Feeds

US taxpayer funds Google raid for Twittercrat

Lowly product manager, grand title

Reducing security risks from open source software

Don't worry if you have never heard of Sumit Agarwal, until recently a lowly Google product manager. Not many people have. But he's the latest Googler to swap his Segway for a government paycheck, becoming the Obama administration's latest hire.

Sumit will be, and take a deep breath: the deputy assistant secretary of defense for outreach and social media in the Office of the Assistant Secretary of Defense.

A Twittercrat[*], in other words.

"Social media" is proving to be the dream bureaucratic gravy train, across both public and private sectors, as we first noted back here, a cyber-refuge for non-productive labour.

Mastering social media isn't hard to do: if you have a Twitter account, can pronounce a few words of jargon such as "empowerment" and wave a Malcolm Gladwell book around, you're in. In fact, you're not just "in", you're already a "valuable part of The Conversation"!

For politicians with no courage or imagination, Web 2.0 is a godsend. Sprinkle a bit of democratising pixie dust over your PR, and hopefully no one will notice you don't have a clue what to do. Or in Obama's case, have just revved up the perpetual war machine.

This desperate PR isn't limited to the US. In the UK, we appointed a £160,000 pa salary Twittercrat last year.

But Obama's administration draws heavily on one company, Google for its e-paper pushers. Google helped pay for Obama's coronation inauguration, with CEO Eric Schmidt appointed to the transition team. The administration has previously raided Google for former ICANN flak Andrew McLaughlin, who is now Deputy CTO (more Twittering and Wiki-fiddling), Katie Stanton as "director of citizen participation" (yet more Twittering) and Sonal Shah, the economist who managed Google's money laundering philanthropic arm.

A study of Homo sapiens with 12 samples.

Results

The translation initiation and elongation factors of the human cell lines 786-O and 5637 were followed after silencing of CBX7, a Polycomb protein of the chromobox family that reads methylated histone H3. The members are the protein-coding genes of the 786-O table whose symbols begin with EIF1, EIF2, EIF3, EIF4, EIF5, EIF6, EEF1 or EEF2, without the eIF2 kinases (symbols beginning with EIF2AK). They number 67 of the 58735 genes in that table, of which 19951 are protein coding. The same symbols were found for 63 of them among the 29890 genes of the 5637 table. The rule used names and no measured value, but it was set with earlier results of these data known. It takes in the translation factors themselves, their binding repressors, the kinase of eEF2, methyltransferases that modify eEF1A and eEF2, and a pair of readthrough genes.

It's your taxes at work. ®

* A word coined here, we admit.

Maximizing your infrastructure through virtualization

Whitepapers

Seven Steps to Software Security
Seven practical steps you can begin to take today to secure your applications and prevent the damages a successful cyber-attack can cause.
Consolidation: The Foundation for IT Business Transformation
In this whitepaper learn how effective consolidation of IT and business resources can enable multiple, meaningful business benefits.
Designing a Defense for Mobile Applications
Learn about the various considerations for defending mobile applications - from the application architecture itself to the myriad testing technologies.
Build a business case: developing custom apps
Learn how to maximize the value of custom applications by accelerating and simplifying their development.
Consolidation: the foundation for IT and business transformation
In this whitepaper learn how effective consolidation of IT and business resources can enable multiple, meaningful business benefits.